This October, as we celebrate Disability Awareness Month, Lincoln Center shines a light on outstanding work and developments that increase participation in the performing arts for people with disabilities. We’re excited to see more focus recently on the “largest minority in the world,” including a dedicated column exploring the lives of people living with disabilities in The New York Times. For our part, we're taking an in-depth look at some of the communities in our city and how they interact with cultural events. Today's subject: hearing loss.
According to the Hearing Loss Association of America, around 20 percent of Americans (or 48 million people) report some degree of hearing loss. While people begin to experience hearing loss at varying stages in life, by age 65, one out of every three people has a form of hearing loss. The National Academy of Sciences recently published a report calling for greater access and affordability of healthcare for people experiencing hearing loss, referring to hearing loss as “a significant public health concern.”
To gain some perspective on hearing loss and the effect of the accommodations provided in our halls, I reached out to Shari Eberts, a hearing health advocate and writer. Shari is on the Board of Trustees of the Hearing Loss Association of America, and her blog, Living with Hearing Loss, works to raise awareness, address issues in the community, and provide personal insight into life with hearing loss. She shares with us how the effects of hearing loss and associated stigma can affect someone’s interest in attending a concert, and provides her opinion on the current technology in the field:
Sometimes people with hearing loss avoid cultural events like lectures, concerts, and plays for fear they will not be able to enjoy the experience. They worry that they won’t be able to hear the speaker or feel the emotion of the music or understand the dialogue in a show. But this does not have to be the case. From the ticket-buying experience through the performance itself, there are many ways cultural institutions can be more welcoming to people with hearing loss. Assistive listening technology makes all the difference.
There are many types of assistive listening technologies, but the best ones are discreet, ensuring the user is not singled out for needing the help. Unfortunately, hearing loss remains highly stigmatized, with many people unwilling to acknowledge or treat their hearing loss. This prevents them from utilizing certain technologies like infrared headsets for fear of embarrassment. They don’t want to be set apart by wearing a large and noticeable device or inconvenienced by standing in long lines before and after the show to obtain and return the devices. Plus, the sound quality is not particularly good.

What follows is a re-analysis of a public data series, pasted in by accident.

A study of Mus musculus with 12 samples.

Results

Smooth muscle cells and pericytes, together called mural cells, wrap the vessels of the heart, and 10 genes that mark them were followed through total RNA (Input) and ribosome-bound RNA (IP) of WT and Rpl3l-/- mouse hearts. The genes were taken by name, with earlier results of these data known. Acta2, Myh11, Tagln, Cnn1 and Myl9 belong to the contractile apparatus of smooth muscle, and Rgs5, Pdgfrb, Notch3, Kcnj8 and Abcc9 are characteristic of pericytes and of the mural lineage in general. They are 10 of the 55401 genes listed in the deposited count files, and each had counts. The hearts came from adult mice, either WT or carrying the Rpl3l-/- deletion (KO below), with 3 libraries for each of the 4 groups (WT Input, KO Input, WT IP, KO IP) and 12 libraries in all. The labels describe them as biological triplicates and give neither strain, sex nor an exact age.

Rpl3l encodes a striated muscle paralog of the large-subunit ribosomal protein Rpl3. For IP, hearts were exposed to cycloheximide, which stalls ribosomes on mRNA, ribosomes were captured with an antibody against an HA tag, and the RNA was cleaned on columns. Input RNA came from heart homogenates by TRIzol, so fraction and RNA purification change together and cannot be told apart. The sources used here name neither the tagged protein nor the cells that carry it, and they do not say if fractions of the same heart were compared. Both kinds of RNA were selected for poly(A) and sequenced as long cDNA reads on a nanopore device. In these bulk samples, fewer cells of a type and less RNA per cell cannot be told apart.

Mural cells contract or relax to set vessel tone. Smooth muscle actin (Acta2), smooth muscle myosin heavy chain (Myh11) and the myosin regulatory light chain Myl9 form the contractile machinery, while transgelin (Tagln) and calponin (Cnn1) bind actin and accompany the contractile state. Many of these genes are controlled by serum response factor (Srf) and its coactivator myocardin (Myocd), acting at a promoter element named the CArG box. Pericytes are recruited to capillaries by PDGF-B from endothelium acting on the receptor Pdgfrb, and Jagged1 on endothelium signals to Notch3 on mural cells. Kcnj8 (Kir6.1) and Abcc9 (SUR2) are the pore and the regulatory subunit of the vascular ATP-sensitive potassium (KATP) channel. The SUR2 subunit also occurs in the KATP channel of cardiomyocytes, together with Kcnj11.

Hearing loops (Induction Loops built into a theater or performance area) and open captioning are much better options. The sound quality of a hearing loop is outstanding (assuming it is installed properly) and can be accessed directly from the person’s hearing aid. No additional equipment is needed. There is no need to wait in line. It is discreet, hassle free, and very effective. A hearing loop can be life changing for someone who has not fully experienced the melody of a symphony or caught the punchline of a comedy for years.
The same is true for open captions. The caption equipment can be set up discreetly to the side of the stage, making the captions available for everyone seated in the section but out of the way for those that do not want them. Captions can also benefit people who do not have hearing issues, like people for whom English is a second language. I know my husband (normal hearing) always enjoys having the captions as a backup in case he misses a line of dialogue or two. Open captioning has allowed me to enjoy several theater performances this year that I would have otherwise skipped for fear of disappointment.
Having assistive listening technology in place and in good working order is paramount, but equally important is making sure that the people who need it know that it is available. Assistive listening options should be clearly identified on a venue’s website, at the venue itself, and in ads for each individual production. If we know it is there, we will come!
It is also important that venue personnel know how to utilize the assistive listening equipment and that it is well maintained. Having a portable hearing loop system at the ticket counter is wonderful, but only if staff are trained to use it.
The good news is that there are many options for making cultural events more accessible to people with hearing loss. Now we just need to encourage widespread adoption.
Katie Fanning is Coordinator, Guest Services & Accessibility, at Lincoln Center.
Top image: Assistive Listening Technology in use during a Lincoln Center Tour. Photo by Cait McCarthy
Questions? The staff at Accessibility at Lincoln Center can be reached at firstname.lastname@example.org or 212.875.5375. For more information on the range of accommodations available at Lincoln Center, please visit http://www.lincolncenter.org/visit/accessibility.